Arts and Cultures - Moon Deities of Ancient Arabia

Arts and Cultures


However, We have inscriptions and excavated materials found from the Northern part of Arabia bordering the Fertile Crescent, the Fertile Crescent itself and the region known as Yemen today, which give an indication of the religion practised by the tribes of the pre-Islamic Arabia.

Some evidences also emerge from the Islamic texts, but these texts are very late and have been written from the Islamic perspective, hence it's difficult to say how reliable they are.

The ancient Arab tribes occupied parts of what is Jordan today, parts of Israel and Syria, Iraq, Yemen and the Arab peninsula. The tribes that lived in the deserts of Arabia followed a nomadic pastoral lifestyle, while those that lived in Syria, Jordan, Yemen and Iraq had experienced urbanism.

Much has been written about the ancient Moon deity of pre-Islamic Mecca. However, the truth is that there were several Moon deities, worshipped by specific tribes. The deities of ancient Arabia were worshipped by their tribal followers. Only some were pan-Arabic in nature.

It's also important to ask why the Moon deity should have been important for the desert nomads. We have seen in the previous posts that Moon was significant especially to the agrarian societies, as the phases of the Moon marked the time cycle important for calculating the agricultural seasons.

In Syria, Jordan, Iraq and Yemen there were agricultural settlements. Hence, for them the Moon was important. Further, they had come in contact with the ancient Canaanite, Mesopotamian and Egyptian cultures which had a tradition of worshipping Moon deities. In the deserts of Arabia, sunlight was very harsh during daytime. Hence, most of the activities began in the evening and continued till late in the night. People woke up early in the morning at the crack of dawn and completed much of their tasks before the sun became hot. Further, desert caravans travelled by the night, tracking their paths by the constellations in the sky and travelling by the moonlight.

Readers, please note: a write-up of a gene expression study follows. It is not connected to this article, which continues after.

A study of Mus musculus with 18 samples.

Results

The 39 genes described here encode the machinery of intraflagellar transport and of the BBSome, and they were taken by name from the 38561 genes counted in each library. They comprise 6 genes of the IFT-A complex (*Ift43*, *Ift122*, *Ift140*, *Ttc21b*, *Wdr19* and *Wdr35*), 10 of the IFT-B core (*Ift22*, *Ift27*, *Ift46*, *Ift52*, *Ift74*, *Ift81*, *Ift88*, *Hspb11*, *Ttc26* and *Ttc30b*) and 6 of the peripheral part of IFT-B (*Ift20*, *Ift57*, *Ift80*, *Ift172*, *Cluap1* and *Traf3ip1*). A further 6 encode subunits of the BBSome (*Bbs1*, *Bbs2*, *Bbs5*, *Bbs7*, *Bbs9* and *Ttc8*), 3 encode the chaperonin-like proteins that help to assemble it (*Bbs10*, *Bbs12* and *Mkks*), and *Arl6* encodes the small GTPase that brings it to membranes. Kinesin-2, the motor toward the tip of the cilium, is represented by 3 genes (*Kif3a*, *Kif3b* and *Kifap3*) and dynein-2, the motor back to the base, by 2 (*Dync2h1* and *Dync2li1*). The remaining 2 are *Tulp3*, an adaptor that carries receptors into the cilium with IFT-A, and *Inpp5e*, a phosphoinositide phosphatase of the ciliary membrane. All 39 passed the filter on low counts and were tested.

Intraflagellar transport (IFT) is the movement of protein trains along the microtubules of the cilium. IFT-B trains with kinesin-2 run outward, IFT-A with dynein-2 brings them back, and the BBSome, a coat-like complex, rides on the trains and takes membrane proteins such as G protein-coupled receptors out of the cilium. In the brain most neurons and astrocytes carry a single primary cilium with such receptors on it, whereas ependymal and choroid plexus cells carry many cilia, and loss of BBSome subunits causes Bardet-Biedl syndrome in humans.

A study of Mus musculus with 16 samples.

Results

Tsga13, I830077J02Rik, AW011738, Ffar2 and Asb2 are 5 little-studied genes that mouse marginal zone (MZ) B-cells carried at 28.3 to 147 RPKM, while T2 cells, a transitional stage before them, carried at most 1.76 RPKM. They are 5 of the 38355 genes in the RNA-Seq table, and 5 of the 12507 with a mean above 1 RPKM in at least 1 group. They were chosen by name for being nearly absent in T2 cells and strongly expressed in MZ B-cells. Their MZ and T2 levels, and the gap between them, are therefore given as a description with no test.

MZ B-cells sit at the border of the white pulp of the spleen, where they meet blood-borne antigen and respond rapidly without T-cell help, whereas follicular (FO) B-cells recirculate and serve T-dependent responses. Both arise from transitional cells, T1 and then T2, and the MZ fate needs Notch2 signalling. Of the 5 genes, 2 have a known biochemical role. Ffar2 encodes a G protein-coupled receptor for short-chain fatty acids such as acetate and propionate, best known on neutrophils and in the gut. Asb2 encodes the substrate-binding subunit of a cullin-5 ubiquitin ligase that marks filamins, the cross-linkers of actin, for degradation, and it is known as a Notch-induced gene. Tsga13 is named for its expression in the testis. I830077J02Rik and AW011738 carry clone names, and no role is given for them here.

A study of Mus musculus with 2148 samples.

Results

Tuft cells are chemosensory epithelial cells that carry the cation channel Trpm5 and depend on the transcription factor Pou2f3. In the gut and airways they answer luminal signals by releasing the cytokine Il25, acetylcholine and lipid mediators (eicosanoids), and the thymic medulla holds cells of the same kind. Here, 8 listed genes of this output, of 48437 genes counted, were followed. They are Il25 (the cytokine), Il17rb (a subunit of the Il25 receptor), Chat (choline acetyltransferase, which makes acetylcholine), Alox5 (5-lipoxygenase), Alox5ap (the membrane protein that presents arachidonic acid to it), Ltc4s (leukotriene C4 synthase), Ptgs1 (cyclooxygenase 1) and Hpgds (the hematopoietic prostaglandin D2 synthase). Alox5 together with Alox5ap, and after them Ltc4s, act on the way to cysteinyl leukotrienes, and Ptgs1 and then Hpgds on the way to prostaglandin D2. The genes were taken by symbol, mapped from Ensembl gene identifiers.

Because of all this, Moon was very important for the ancient Arabians.

Amongst the ancient Moon deities of the Arabs, Amm was prominent in Western Yemen in Sabaean region. He was associated with the seasons and weather. He was worshipped by the Qatananians. His mark was the thunderbolt. Western Yemen was an important region in ancient Arabia, as it had sea ports that were on the trade routes coming from India and going towards Syria. It was also fertile and had agricultural settlements.

Alamaq was the chief god of Sabaeans, associated with irrigation. He was associated with the bull's head and vines. There is a debate about whether he was the Moon deity or the Solar deity.

Shay-al-Qawm was another important deity worshipped in Palmyra and attested in Nabataean inscriptions. He was the god who protected the caravans, ruled the night and gave victory in animals raids. Because of his characteristics, he comes close to the charasteristics of the Moon deity, who ruled the night and was a travelling deity.

Tal'ab was another Moon deity worshipped by a Sabaean tribe in Yemen. He protected the pastures.

These deities show that the ancient Arabs worshipped these Moon deities or Moon-like deities for protection while going on trade, while taking their animals to caravans to pasture and while engaging in animal raids which were quite frequent amongst the desert tribes of Arabia. For the pastoral desert tribes who travelled by camels and horses, animals were their main wealth.